Road Trip in Mexico: 5 Best Routes & Places to Visit in 2023

Mexico is as nearly geographically diverse as the United States, with jungles, coastlines, and deserts. Cities that date back to the colonial era and Maya-era are just some of the historic destinations that await you Los Cabos Villas

It’s good to get out of the mindset of a tourist and into one of an explorer when you take a road trip in Mexico. Here are some of the best routes for road trip in Mexico.

Tijuana to Los Cabos


This is the most California-Esque route with a start in Tijuana by the border and heading 1000 miles down the Baja California peninsula to Los Cabos. Desert canyons and the pacific ocean come together here much like in the Golden State.

Valle de Guadalupe is located along this route and is Mexico’s prime wine county. Towns like Ensenada and Loreto showcase the sea life in the wild and on plates.

Los Cabos is a great final destination because it is one of Mexico’s many resort towns where blue whales can be seen in the ocean at the beginning of the year. Be on the lookout for swimming and diving sites since you will be traveling along the coast.

Cancún to Puerto Morelos

Cancún to Puerto Morelos

Over from the Baja California peninsula is the Yucatán peninsula, where a look at an ancient civilization awaits. This 680-mile route loops around itself in vast jungle terrain and a coastline showcasing the Mexican Caribbean region.

If there’s one thing the region is known for, it’s the Mayan ruins of Chichén Itzá. The colonial city of Mérida is nearby with really great and unique food. Ruta Puuc is another great section of Mayan ruins and less frequented. The ocean water gets bluer the more south you travel to Tulum.

Mexico City to Lagunas De Chahua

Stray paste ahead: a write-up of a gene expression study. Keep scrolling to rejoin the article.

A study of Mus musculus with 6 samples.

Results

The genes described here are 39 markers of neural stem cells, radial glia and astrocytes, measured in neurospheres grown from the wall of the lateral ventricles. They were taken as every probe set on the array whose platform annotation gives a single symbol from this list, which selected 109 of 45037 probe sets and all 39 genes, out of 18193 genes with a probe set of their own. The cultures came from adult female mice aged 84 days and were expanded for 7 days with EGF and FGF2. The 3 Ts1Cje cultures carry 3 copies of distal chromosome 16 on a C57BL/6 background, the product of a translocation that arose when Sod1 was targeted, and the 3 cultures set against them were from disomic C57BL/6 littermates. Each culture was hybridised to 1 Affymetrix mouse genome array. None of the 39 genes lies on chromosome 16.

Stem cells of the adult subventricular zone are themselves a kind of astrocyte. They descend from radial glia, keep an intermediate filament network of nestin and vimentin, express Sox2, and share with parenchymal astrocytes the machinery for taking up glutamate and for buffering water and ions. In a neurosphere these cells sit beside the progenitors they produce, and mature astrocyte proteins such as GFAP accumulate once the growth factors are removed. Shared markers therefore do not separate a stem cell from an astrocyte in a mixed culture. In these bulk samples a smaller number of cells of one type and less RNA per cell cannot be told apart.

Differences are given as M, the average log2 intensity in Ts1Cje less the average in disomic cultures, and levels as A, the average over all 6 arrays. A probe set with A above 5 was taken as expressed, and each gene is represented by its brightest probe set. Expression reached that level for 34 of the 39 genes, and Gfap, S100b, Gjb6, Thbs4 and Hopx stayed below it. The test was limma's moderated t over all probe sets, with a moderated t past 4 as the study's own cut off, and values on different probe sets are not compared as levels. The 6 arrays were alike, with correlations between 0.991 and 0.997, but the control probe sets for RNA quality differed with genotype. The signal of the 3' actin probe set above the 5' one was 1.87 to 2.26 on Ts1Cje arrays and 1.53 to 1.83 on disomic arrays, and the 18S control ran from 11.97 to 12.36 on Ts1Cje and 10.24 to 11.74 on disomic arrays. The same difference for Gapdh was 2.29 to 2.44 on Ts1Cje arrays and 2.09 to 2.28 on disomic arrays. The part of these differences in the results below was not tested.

Mexico City to Lagunas de Chahua

This 530-mile route is the best for a food tour as it takes you through mountains and beaches. There’s nothing like seeing buildings nestled on the side of a mountain overlooking the beach. South of Mexico City is Puebla which many accredit as the food capital of Mexico.

Oaxaca City is another place along the way that is a must-stop culinary destination. Ruin-wise, you can see the mountaintop Zapotec and the Monte Albán. San Agustinillo, Puerto Escondido, and Parque Nacional Lagunas de Chacahua are beautiful seaside destinations along the way.

Mazatlán to Puerto Vallarta

Mazatlán to Puerto Vallarta - road trip in Mexico

This is another great north-to-south route through Mexico that runs 275 miles. Mazatlán begins as a cultural destination with old and new coming together in one celebrated package.

Some of the villages along the way are said to be the old homeland of the Aztecs. Palm forests and thatch roofs are common. Beach town destinations include San Pancho and Sayulita. From there to Puerto Vallarta, it’s all seaside activities and some of the best seafood you will ever have.

Mexico City to Parque Nacional Cumbres del Ajusco

road trip in Mexico

This is one of the shorter routes starting in Mexico City and running 185 miles to the national park where Mexico’s tallest peak, Pico del Aguila, awaits. This route goes not just through mountains and parks like Itza-Popo Zoquiapan National Park, but also volcanoes like Popocatepetl, which is still active today.

Tepoztlan is along the route, which showcases an ancient Aztec temple and the Palace of Cortes. In Parque Nacional Cumbres del Ajusco, there are some pine trees among the palms, as you can tell by the scent of the wilderness. Meals out here are particularly enjoyable and memorable.

What To Know When Driving in Mexico

When driving in Mexico, it’s important to heed their traffic laws and signs. Their toll roads and highways are called “cuotas” and should be how you plan your routes. Of course, any good driver habits you have can come in handy here. Emergency roadside assistance can be reached at 078.

At the same time, you’ll also want to look at car insurance if you are the primary driver of this road trip through Mexico. If you are staying in Mexico for a period of time with your car, you may be required to get car insurance from a Mexican insurer in the area.

This car insurance is typically separate from your policy back home and can be customized to your trip. Look into local insurers and the insurance requirements for the region of Mexico you are planning on visiting.